Oral Answers to Questions — Building Construction (Contracts).

– in the House of Commons on 15th July 1942.


asked the Parliamentary Secretary to the Ministry of Works and Planning whether he is aware of the fact that bills of quantities recently issued to potential contractors in respect of certain new works contained some 300 sheets of foolscap paper; and whether, in the interest of economy in staff, handling and paper, he will introduce some simpler and more economical method of estimating for, or carrying out, work of this kind?

Photo of Mr George Hicks Mr George Hicks , Woolwich East

Yes, Sir. Owing to the urgency of placing contracts for these particular services, it was decided that the most expeditious method of obtaining tenders was to adapt an existing bill of quantities prepared for a recent building of similar type. The length of the bill was partly due to the necessity of providing for alternative methods of hutting construction. In normal cases, bills of quantities based upon the Ministry's Standard Schedule of Prices are used, wherever possible, to secure the economies mentioned by the hon. and gallant Member.

Photo of Major Abraham Lyons Major Abraham Lyons , Leicester East

Do I take it that in future no 300 sheets of foolscap paper will be used where it is possible to do with a great deal less?

Photo of Mr George Hicks Mr George Hicks , Woolwich East

I can only say that the greatest economy will be used in the preparation of bills of quantities, but if in order to do things properly another sheet of paper is required, it is far better to use it than to run the risk of having a scandal later over allegations that somebody has been paid too much.

Photo of Mr Alfred Bossom Mr Alfred Bossom , Maidstone

asked the Parliamentary Secretary to the Ministry of Works and Planning whether, in connection with the construction programme now starting, his Ministry is giving contractors complete information in the way of plans and specifications before work is commenced; whether a time and progress schedule is to be prepared for each undertaking; is a close estimate of the number of operatives and labourers required for each job made before contracts are let; and has he ascertained from the Ministry of Labour that the operatives and labourers required will be available when needed?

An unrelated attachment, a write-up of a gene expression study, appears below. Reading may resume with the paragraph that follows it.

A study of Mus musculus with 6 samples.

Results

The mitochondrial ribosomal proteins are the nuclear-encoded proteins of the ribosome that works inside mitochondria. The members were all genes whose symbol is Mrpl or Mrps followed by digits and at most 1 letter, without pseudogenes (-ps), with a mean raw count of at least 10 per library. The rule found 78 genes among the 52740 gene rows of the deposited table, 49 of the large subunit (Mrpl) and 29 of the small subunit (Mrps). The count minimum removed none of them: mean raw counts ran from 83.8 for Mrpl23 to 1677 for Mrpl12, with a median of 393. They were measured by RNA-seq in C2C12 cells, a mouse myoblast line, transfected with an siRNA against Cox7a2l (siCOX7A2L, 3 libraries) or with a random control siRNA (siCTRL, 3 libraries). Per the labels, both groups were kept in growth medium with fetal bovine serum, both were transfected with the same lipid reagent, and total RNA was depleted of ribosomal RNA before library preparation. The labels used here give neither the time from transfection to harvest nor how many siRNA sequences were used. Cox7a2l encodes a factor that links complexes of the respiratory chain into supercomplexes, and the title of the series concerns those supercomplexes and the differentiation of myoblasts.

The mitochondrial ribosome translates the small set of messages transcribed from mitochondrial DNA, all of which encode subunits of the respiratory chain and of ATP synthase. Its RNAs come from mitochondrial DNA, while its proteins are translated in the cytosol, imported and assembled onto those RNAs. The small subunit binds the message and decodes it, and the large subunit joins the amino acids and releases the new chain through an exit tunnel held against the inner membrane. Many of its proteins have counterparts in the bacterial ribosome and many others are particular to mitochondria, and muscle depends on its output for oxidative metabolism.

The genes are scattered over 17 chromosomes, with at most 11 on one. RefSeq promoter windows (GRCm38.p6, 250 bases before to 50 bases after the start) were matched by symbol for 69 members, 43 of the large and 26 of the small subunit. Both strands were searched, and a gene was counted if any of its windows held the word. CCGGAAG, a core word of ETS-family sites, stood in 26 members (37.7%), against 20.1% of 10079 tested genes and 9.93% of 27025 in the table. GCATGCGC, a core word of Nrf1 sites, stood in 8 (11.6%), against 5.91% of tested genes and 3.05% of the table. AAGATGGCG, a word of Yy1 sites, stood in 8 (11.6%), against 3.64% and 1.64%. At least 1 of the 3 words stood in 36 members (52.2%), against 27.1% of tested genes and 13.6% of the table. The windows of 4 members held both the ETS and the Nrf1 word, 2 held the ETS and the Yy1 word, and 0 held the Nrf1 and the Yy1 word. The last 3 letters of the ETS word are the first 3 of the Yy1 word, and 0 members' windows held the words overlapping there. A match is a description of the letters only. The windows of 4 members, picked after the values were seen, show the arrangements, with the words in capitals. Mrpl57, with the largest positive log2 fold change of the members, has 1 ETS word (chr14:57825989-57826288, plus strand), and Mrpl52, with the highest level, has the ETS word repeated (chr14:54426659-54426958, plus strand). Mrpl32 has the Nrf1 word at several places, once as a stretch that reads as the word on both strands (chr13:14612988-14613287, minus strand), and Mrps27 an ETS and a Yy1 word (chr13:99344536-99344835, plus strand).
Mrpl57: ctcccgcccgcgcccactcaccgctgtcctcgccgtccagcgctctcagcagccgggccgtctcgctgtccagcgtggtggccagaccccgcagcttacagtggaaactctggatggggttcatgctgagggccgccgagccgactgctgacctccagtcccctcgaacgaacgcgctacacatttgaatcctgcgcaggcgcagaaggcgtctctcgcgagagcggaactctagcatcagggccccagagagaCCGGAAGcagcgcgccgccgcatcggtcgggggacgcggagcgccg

Photo of Mr George Hicks Mr George Hicks , Woolwich East

Yes, Sir, so far as urgency and circumstances permit, contractors are given full information before work is commenced; and it is the practice of my Ministry for a schedule to be prepared for each contract to show labour and materials demands, as well as required progress. The Ministry of Labour and National Service is advised at once of all new works and the labour needed for them.

Photo of Mr Alfred Bossom Mr Alfred Bossom , Maidstone

If that is the case, why are so many of the present contracts being delayed for lack of labour? Where is the hon. Gentleman going to get it from?

Photo of Mr George Hicks Mr George Hicks , Woolwich East

I cannot accept that statement.

Photo of Mr Alfred Bossom Mr Alfred Bossom , Maidstone

If I give particulars to the hon. Member to show him that I am correct, will he see that these contracts are finished quickly?

Photo of Mr George Hicks Mr George Hicks , Woolwich East

Out of the thousands of jobs which are in hand the hon. Member may be able to give me a few cases where the labour force is not equal to the present demand, but then it would not be necessarily true to say, unless the figures had been adequately checked, that the labour was really necessary in such cases.